ETSS Wicklow is offering a new short course in Debating that aims to promote and encourage the skills of public speaking, critical thinking, logical and argumentative persuasion.  A weekly class allows students to explore a wide range of local and global topics and issues which are then discussed and debated. Debate motions are often proposed by the pupils themselves.

The ancient Socratic art of Debating nurtures the 21st century skills of creativity, critical thinking, communication, and collaboration. It empowers students to learn by putting forward cogent, evidence-backed arguments. They can also disagree and engage constructively with people with differing views. Over the three years of the course, students will explore and become proficient in a wide variety of debating formats and styles.  Some examples, but not exhaustive are:

  • Parliamentary debate
  • Online debate
  • Team debate
  • Legislative debate
  • Mock Trial
  • Lincoln-Douglas debate

Students will benefit from:

  • An academic boost - Debate will help students improve in the areas of  writing, reading and comprehension, listening, note-taking, research, data analysis, evidence-based reasoning, and overall academic performance.
  • Essential life skills - Debaters acquire unique educational benefits as they learn and develop skills far beyond what can be learnt in any other mainstream school setting.
  • Collaboration & leadership skills - Students with teammates prepare by dividing tasks, researching, and negotiating how they will consolidate their findings collectively as a unified team.
  • Critical thinking - Students learn patience and the importance of listening attentively to opponents, while thinking critically to define questions that will challenge assumptions. Students must formulate out-of-the-box proposals and innovative solutions to real-world issues, whether in healthcare, education, climate change, technology, government, or other social impact areas.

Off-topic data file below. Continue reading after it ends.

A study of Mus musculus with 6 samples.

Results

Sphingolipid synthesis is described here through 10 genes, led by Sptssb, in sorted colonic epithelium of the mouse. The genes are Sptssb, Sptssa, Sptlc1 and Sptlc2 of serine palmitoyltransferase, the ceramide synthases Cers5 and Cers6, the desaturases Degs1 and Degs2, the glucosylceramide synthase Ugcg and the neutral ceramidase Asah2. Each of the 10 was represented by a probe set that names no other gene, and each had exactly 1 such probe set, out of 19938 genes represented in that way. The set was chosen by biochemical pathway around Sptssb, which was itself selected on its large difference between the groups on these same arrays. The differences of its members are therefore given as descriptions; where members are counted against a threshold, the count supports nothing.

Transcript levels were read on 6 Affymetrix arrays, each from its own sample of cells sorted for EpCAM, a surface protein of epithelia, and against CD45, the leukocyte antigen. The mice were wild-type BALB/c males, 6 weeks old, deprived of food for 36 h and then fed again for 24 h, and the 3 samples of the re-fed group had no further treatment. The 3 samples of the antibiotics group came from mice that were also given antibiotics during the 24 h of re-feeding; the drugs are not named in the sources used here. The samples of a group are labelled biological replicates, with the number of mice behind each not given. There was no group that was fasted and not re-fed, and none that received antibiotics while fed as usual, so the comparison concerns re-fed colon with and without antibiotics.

Strand 1: Communicating

Strand 2: Thinking Critically

Strand 3: Organisation & Clarity

Strand 4: Investigating


For this new short course some of the learning outcomes lend themselves to once-off assessment, others to assessment on an ongoing basis as students engage in different learning activities such as discussing, rehearsing, explaining, researching, presenting, planning and taking action.

In these contexts, students with their teachers and peers reflect upon and make judgements about their own and others’ learning by looking at the quality of particular pieces of work. They plan the next steps in their learning based on feedback they give and receive.

Ongoing assessment can support the student in their learning journey and in preparing for the Classroom-Based Assessment related to this short course. 


  • In ancient Greece, the philosopher Socrates used debate as a way of understanding the world by drawing out answers from his followers.
  • In Rome, Cicero was famed for his rhetoric and ability to show up weaknesses in government. Ultimately he paid for the power of his speechmaking with his life.
  • Medieval England saw the rise of Parliament in order to aid the Kings. In fact Parliament is derived from the French word 'parler' (to speak). As Parliament evolved however, it went beyond simply granting taxes and listening to the King, instead becoming a place of debate and policy.
  • In the 1960 Presidential election, debates were used for the first time between the two challengers- and they were televised. Famously, those who listened to the radio thought Richard Nixon had won, while those who watched on television believed the more charismatic John Kennedy had won. Kennedy's election victory is often attributed to his performances in these debates.